Small, insignificant, yet packed with tourists in summer but empty in winter, Pomorie changes completely on 6 May. Then, the townsfolk flock to St George's Monastery, on the outskirts of town, to celebrate the feast of its patron saint.
On this day, flowers and greenery, braided into wreaths, adorn the doors and the icons of St George's Monastery. People queue in front of the candelabra and light candles for the health of the living and the salvation of the dead. There are more queues at the table where people scribble on scraps of paper the names of their relatives who should be mentioned in the mass and, in the yard, a line of pilgrims waits for the holy water distributed by one of the monks.
A few metres away the religious feast becomes more... feisty. In huge cauldrons perched over open fires lambs, which have been blessed by the priest and then ritually slaughtered, are being boiled. This is the kurban chorba, a soup prepared and eaten communally on important religious feasts throughout Bulgaria.
Lighting candles is part of the tradition
The St George's Day festivities at the monastery in Pomorie are the norm rather than the exception. Gergyovden, as the feast is known, has been a fixture in the Bulgarian traditional calendar for centuries and has become one of the most popular festivals in Bulgaria.
St George's popularity is only partly based on the heroic legend about the slaughter of the dragon. In the early centuries of Christianity, the saint was welcomed in the Balkans as he was strongly reminiscent of a local deity, the Thracian Rider. The memories for the pagan god gradually faded, but were never completely forgotten. This accounts for the slaughter of the lamb and, until recently, when peasants unwittingly discovered the remains of a Thracian Rider shrine, they would think that the marble plaques depicting heroic-looking horsemen were icons of St George. For this reason, they would build a church over the erstwhile shrine and dedicate it to the saint.Church-goers getting blessed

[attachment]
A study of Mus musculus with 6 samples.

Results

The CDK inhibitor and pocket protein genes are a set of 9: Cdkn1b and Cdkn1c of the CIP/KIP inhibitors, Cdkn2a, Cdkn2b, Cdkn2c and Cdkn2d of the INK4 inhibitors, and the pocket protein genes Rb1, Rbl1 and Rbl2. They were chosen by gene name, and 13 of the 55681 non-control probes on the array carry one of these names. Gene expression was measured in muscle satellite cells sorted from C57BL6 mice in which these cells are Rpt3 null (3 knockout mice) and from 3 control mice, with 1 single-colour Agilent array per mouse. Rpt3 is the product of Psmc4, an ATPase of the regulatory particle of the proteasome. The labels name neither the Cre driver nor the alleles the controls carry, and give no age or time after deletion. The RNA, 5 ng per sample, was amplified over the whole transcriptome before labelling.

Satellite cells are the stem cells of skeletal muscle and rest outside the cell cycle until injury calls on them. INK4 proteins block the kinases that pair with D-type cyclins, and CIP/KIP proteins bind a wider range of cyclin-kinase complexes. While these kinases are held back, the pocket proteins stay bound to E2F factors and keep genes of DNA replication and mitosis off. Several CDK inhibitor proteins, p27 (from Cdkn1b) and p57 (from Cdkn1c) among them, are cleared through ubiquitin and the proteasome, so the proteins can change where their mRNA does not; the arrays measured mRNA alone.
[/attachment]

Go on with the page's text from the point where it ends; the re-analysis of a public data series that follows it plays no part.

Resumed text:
St George is also the patron of sheep, livestock and shepherds, and in traditional Bulgarian society, which depended heavily on sheep-breeding and exported meat and wood, this was important. Back in those days, every family was obliged to slaughter a lamb (again, a pagan ritual). The feast of St George was seen, too, as the official beginning of spring and youngsters would pick flowers and green twigs to make a swing and would have a day of fun.
Sacrificial lamb awaits for blessing
In the 1880s, St George's Day enhanced its prestige when it was proclaimed the official feast of bravery, the Bulgarian army and soldiers. This tradition was suppressed during Communism, but after 1989 it was restored and 6 May became an official holiday. In Sofia, it is celebrated with a military parade.
The majority of modern Bulgarians have long lost their connection with farming or the army, but St George's Day is as popular as ever. Indeed, Georgi, or George, is Bulgaria's most popular male name and, along with its derivatives, makes 6 May a day when almost every family celebrates the name day of one or more of its members.
Having some un-Orthodox fun on St George's Day
As a general rule, lamb is eaten and crowds throng the restaurants. Many Bulgarians pay a visit to a church or – even better – to a monastery. With their often spectacular locations, monasteries offer a unique opportunity to combine the sacred and the mundane. After a short visit to the church for some candle-lighting, the pilgrims spend the rest of the day having fun, eating and drinking in the lush greenery in the open air.
St George's Day is not only for Christians. On 6 May, Muslims celebrate Hıdırellez, another spring festival. According to the legend, this is the day when the two wandering prophets, Hızır and Ilyas, met. They too are patrons of livestock and Muslim youngsters spend the feast swinging on cradles. In some mixed religion villages, Christians and Muslims mark 6 May together.
Even the legendary history of St George's Monastery at Pomorie hints at a spirit of unification. According to it, the monastery was established in the 17th Century by an Ottoman lord, Selim Bey, after he discovered on his estate a marble relief of St George and a healing spring. When Selim Bey was cured, he became a Christian, donated all his money and land to the monastery and became its first abbot.
The marble plaque with St George and the healing spring are still at the monastery, although the church was built in 1856 and the clock tower is even later, from 1966.
This series of articles is supported by the America for Bulgaria Foundation. The statements and opinions expressed herein are those of the authors and do not necessarily reflect the opinion of the America for Bulgaria Foundation and its partners.